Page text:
Home/Articles/Visas for Afghanistan citizens have dropped 35% since 2014
The 9/11 terrorist attack on the US led to a military conflict in Afghanistan that lasted 20 years.
Thousands of Afghans attempted to flee the country in August 2021 following the Taliban takeover of the government and the US military withdrawal. In the two decades following the 9/11 attacks and the subsequent war, the number of Afghans traveling to the US, temporarily or to immigrate permanently, has fluctuated as the situation in the country changed.
The US has decreased the amount of non-immigrant and immigrant visas awarded to Afghan nationals in the past three years, according to State Department data. Non-immigrant visas dropped by about 45% between 2001 and 2002. However, they slowly began to increase in 2003 and hit an all-time high in 2014 with 4,421 visas issued that year.
Special immigrant visas awarded to Afghan citizens and families who worked with the US military peaked at 16,388 in 2017. On July 30, Congress passed The Emergency Security Supplemental Appropriations Act, which immediately authorized 8,000 special immigrant visas for Afghan applicants.
What is a non-immigrant visa?
Non-immigrant visas are issued for varying purposes, including employment, tourism, business, and education. These visas have expiration dates and holders must apply for a green card to stay permanently. Non-immigrant visas for Afghans have decreased since 2014 when President Barack Obama reduced US troop levels in Afghanistan by 70%.
Non-immigrant visas granted to Afghans have decreased by 33% since 2014.
Most non-immigrant visas for Afghans are used for business and tourism and typically last three to six months. This visa category decreased the most following 9/11, down by 40%. Diplomatic visas for foreign government officials, treaty negotiators, and their accompanying staff and families, increased the most after 2001, growing by more than 800 new visas in the next six years.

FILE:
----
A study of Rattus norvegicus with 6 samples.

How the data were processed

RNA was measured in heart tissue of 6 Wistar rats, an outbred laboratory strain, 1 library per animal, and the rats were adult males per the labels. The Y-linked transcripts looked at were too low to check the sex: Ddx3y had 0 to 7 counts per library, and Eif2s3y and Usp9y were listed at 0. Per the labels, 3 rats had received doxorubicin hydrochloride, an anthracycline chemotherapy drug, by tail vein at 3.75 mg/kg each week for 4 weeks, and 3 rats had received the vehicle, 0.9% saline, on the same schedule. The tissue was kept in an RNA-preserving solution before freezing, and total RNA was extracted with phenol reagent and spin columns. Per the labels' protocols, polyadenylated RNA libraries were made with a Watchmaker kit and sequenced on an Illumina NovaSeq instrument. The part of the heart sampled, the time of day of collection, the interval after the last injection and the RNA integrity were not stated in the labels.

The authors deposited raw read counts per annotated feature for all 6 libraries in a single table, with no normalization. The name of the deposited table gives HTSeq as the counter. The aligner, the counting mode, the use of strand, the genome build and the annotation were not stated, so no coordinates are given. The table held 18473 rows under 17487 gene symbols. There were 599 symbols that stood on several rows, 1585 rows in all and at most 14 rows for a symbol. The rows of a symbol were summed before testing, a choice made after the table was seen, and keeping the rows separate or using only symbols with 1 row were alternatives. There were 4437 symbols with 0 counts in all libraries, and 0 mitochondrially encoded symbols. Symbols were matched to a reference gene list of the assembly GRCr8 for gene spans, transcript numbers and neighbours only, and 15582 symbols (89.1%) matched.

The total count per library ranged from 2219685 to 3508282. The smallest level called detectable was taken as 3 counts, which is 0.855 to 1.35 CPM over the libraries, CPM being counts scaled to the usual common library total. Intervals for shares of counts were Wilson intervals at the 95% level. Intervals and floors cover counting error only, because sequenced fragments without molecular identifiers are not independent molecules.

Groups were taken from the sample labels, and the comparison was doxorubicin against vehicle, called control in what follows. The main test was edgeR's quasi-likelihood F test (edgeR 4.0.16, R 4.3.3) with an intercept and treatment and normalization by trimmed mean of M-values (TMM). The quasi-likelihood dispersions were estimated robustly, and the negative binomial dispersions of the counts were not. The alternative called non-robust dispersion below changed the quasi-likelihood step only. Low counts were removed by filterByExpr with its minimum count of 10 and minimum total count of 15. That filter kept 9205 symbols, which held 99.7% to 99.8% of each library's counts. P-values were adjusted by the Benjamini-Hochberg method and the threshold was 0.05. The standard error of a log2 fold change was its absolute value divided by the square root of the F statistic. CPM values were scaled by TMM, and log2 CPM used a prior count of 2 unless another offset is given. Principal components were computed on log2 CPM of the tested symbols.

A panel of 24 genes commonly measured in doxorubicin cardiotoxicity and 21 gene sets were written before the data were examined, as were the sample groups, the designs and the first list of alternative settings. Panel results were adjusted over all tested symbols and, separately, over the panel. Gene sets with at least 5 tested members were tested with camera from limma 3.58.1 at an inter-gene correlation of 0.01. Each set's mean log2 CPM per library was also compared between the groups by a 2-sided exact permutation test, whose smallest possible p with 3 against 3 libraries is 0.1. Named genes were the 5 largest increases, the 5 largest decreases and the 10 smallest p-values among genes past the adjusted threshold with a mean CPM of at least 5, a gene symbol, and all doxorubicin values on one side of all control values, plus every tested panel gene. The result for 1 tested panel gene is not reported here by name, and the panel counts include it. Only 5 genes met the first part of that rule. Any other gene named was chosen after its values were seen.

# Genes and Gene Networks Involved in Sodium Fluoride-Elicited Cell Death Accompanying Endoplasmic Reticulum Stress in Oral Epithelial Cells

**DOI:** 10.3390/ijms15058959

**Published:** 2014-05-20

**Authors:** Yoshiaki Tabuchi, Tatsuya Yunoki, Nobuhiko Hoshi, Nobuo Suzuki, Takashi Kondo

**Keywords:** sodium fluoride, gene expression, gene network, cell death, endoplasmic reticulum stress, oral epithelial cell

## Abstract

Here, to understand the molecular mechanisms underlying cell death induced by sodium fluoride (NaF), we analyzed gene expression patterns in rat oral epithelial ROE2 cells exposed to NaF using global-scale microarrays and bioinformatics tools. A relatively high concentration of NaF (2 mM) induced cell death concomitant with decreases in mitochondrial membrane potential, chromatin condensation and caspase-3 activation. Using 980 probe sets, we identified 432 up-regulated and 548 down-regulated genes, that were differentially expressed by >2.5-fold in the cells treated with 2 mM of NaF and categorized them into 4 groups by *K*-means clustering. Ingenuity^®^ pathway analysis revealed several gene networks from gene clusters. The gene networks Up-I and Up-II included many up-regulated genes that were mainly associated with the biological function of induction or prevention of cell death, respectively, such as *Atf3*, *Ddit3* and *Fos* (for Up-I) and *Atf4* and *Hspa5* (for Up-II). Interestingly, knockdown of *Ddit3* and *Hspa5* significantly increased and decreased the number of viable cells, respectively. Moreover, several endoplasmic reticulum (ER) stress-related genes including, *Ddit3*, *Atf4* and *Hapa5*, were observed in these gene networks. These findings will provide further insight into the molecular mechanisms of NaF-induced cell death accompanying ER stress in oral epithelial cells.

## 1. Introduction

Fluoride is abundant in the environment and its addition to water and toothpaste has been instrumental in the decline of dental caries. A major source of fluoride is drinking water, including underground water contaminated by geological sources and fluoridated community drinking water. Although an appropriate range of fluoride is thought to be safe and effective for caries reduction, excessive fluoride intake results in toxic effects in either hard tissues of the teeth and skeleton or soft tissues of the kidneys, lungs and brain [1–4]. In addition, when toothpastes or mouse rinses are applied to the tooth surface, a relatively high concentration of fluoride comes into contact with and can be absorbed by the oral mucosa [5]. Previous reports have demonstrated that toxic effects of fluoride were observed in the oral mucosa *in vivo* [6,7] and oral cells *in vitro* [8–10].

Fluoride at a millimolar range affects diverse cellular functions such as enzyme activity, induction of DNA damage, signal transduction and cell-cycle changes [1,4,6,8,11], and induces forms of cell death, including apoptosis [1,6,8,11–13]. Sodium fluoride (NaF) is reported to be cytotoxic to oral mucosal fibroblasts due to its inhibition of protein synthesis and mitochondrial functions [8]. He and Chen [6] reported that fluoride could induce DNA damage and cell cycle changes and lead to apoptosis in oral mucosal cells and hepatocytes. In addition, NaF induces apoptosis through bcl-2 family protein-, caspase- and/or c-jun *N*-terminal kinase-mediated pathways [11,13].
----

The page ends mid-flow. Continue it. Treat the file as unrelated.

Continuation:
The fewest number of visas for Afghans are granted for family-sponsored relocation and employment. Both have pathways to qualify for permanent residence certified by a green card. Student visa holders can also apply for permanent residency after graduation if they qualify based on skills or future employment.
After 9/11, business and tourism visas dropped 40%.
The special immigrant visa program allows Afghan nationals who were employed by or on the behalf of the US government to resettle in the US for their safety. Applicants must have completed at least one year of service after October 2001 and be under a serious ongoing threat because of their employment. Afghan translators who worked with the US military can also apply for a special immigrant visa. Spouses and dependent children also qualify.
In 2006, Congress created a special immigrant visa program for Iraqi and Afghan translators. The program was later expanded in 2014 to include all Afghans and Iraqis who were employed by the US in any capacity. Over 8,000 more visas were granted to Afghans in the next year as a result. The number of special immigrant visas going to Afghans has since fallen by more than 25% since the 2017 peak.
Special immigrant visas peaked in 2017 with over 16,000 granted.